KYSO Flash
Knock-Your-Socks-Off Art and Literature
Issue 12: Summer 2019
Flash Fiction: 853 words
Climate Crisis

Safe Spaces

by Kathleen Thomas

I. Snow Storm

A small boy, red scarf around his neck, skates without moving inside the snow globe your grandparents gave you today, your eighth birthday. Your grandmother tells you snow globes were invented by accident. Your grandfather says you are taller than he was when he was a boy.

A blizzard begins, ends, again and again whenever you shake the globe. You want to ask the boy inside if he is afraid of snow. Does he dream of skating outside his silent world?

II. Floods

On your grandfather’s birthday, he tells you about the floods that happened exactly sixty years ago today in Holland, a place on the other side of the world. “The North Sea Flood. There,” he says and guides your hand to a small yellow shape on one of his maps. “At first the rains were far away. No one understood the storm was headed toward them in the middle of the night. Until it was too late. No one was safe.”

You want to ask him whether he ever showed your father the map, told him about the floods. But you know if you asked, he would take a deep sigh and be silent, go far away. Where does he go then? He never tells you, never talks about your parents, their accident.

“Here, let me show you where we are now on this.” He spins the globe on his desk while you watch the blur of colors, countries, and oceans till his hand makes it all stop. “Here,” he says. “This is where we are. This is home. We’re safe here.”

III. Tornadoes

In your grandparents’ house is a basement where people must go if a tornado is coming. At school your teacher, Mrs. Sills, announces a safety drill. “We will all line up in the hallway, squat down, and cover our heads. This is only a drill. Don’t be afraid.”

Afterwards you begin to check the sky every day, and ask over and over if a tornado is coming. If you could, you would ask your parents about clouds and tornadoes. You would tell them to search for the basement. You would ask them to save everyone.

IV. Heat Wave

Summer, many seasons later, you make friends with Lilah, the girl who moves across the street. Her mother is a scientist; she tells you about barometric pressure, wind velocity, and other changes that create dangerous conditions. The thermometer reaches 100 degrees Fahrenheit. In the evening, she pours you a glass of lemonade.

Lilah’s father points to your shoestring, and notes it has come untied. Once, long ago, your father bent down and tied your shoes. You were too young to remember anything from then except you remember it was hot that day and your father tied your shoes. You can’t remember if he said your name; you don’t remember the sound of his voice.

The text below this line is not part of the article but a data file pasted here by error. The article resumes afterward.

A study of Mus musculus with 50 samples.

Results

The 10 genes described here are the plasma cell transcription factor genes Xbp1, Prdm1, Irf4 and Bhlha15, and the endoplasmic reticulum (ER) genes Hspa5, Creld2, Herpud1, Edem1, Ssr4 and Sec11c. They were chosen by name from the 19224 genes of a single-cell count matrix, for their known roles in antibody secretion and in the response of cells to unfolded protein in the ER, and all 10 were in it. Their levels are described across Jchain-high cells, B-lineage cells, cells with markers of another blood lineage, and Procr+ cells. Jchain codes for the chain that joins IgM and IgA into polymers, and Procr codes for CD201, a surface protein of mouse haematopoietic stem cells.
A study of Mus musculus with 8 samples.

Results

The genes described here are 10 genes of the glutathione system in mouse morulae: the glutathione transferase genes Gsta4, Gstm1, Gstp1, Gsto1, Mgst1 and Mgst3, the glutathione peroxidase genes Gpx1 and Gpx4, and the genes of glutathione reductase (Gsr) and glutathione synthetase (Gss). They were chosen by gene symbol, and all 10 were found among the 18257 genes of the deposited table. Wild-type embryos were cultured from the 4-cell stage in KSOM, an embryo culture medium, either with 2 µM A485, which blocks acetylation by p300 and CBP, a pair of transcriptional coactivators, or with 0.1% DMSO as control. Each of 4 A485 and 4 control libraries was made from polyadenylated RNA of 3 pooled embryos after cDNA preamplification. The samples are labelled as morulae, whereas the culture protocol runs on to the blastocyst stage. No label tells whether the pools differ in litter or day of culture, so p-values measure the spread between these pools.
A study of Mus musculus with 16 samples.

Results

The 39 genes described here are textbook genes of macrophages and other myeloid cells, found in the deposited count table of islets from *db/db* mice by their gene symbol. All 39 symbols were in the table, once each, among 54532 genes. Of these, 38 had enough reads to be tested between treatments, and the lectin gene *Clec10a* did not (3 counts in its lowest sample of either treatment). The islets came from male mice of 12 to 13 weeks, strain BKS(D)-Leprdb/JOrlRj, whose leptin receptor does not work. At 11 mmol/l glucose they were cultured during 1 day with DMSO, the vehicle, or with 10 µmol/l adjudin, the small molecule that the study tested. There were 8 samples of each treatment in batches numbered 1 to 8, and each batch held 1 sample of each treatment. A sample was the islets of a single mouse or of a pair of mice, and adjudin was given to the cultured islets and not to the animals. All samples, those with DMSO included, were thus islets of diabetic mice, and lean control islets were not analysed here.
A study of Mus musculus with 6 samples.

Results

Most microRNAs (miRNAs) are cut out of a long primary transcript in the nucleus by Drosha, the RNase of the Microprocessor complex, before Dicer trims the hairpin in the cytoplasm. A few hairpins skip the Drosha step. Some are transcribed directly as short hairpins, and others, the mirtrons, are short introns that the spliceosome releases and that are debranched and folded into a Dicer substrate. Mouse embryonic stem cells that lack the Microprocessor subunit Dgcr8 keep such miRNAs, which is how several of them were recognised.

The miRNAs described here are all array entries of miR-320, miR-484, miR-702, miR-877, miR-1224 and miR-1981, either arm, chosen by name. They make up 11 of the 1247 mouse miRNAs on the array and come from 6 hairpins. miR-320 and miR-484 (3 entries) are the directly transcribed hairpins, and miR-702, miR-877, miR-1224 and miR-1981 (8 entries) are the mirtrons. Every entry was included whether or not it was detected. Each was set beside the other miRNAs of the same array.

Lilah takes a sip of lemonade. The ice in your glass has disappeared. You think you should go, but first you tie your shoe, finish your lemonade, say thank you and goodbye. Then you walk across the street into your grandparent’s house where the lights are coming on now. You walk into your room, shake the globe again and again, feel cool snow falling.

You wonder if one day you will be able to tell Lilah you like her, like her parents. You will show her the snow globe, tell her it was discovered by accident by a scientist experimenting, trying to intensify light with reflection.

Then one day will she ask why you live here instead of with your parents? Will you tell her about their accident, the dangerous curve in the road, the bad weather? You will tell her everything she wants to know. But not yet. Not yet. First you must learn all you can about atmospheric conditions, dangerous weather, safe spaces.

V. Wild Fires, Wind Storms

Autumn. Many years after you tell Lilah everything, you move away together, move away from snow and tornadoes to this place of endless beauty. You have a home, many books, maps, a globe. You have a son together. There is eternal beauty in his smile.

Outside your home is a green forest with mountains nearby. You know there can be fires, wild reckless winds in the distance on the other side of the mountains. At night, you both listen to your son’s breathing, hold him close, protect him from distant fires, winds.

But you both fear that in twenty years, ten, five, next year, even tonight the snows in the globe are melting. Storms, tornadoes, stronger than you knew, tear apart families, memories. And far away, families you will never meet walk forever in search of shelter, with dreams of safety.

Both of you know none of this is a drill. Both of you know one day your son will have questions. And be afraid. Where you are now will be gone. You try to remember all you’ve learned. All you must do. Soon.

Here. Now. Your son sleeps, safe, in this moment. You are sure. Only in this moment.

Kathleen Thomas
Issue 12, Summer 2019

writes where shadows and light seem to merge. Her work has previously appeared in Apple Valley Review, Kalliope (a journal of women’s literature and art), Moon Park Review, The Louisville Review, and Warren Wilson Review. She has received a Florida Individual Artist Fellowship in fiction.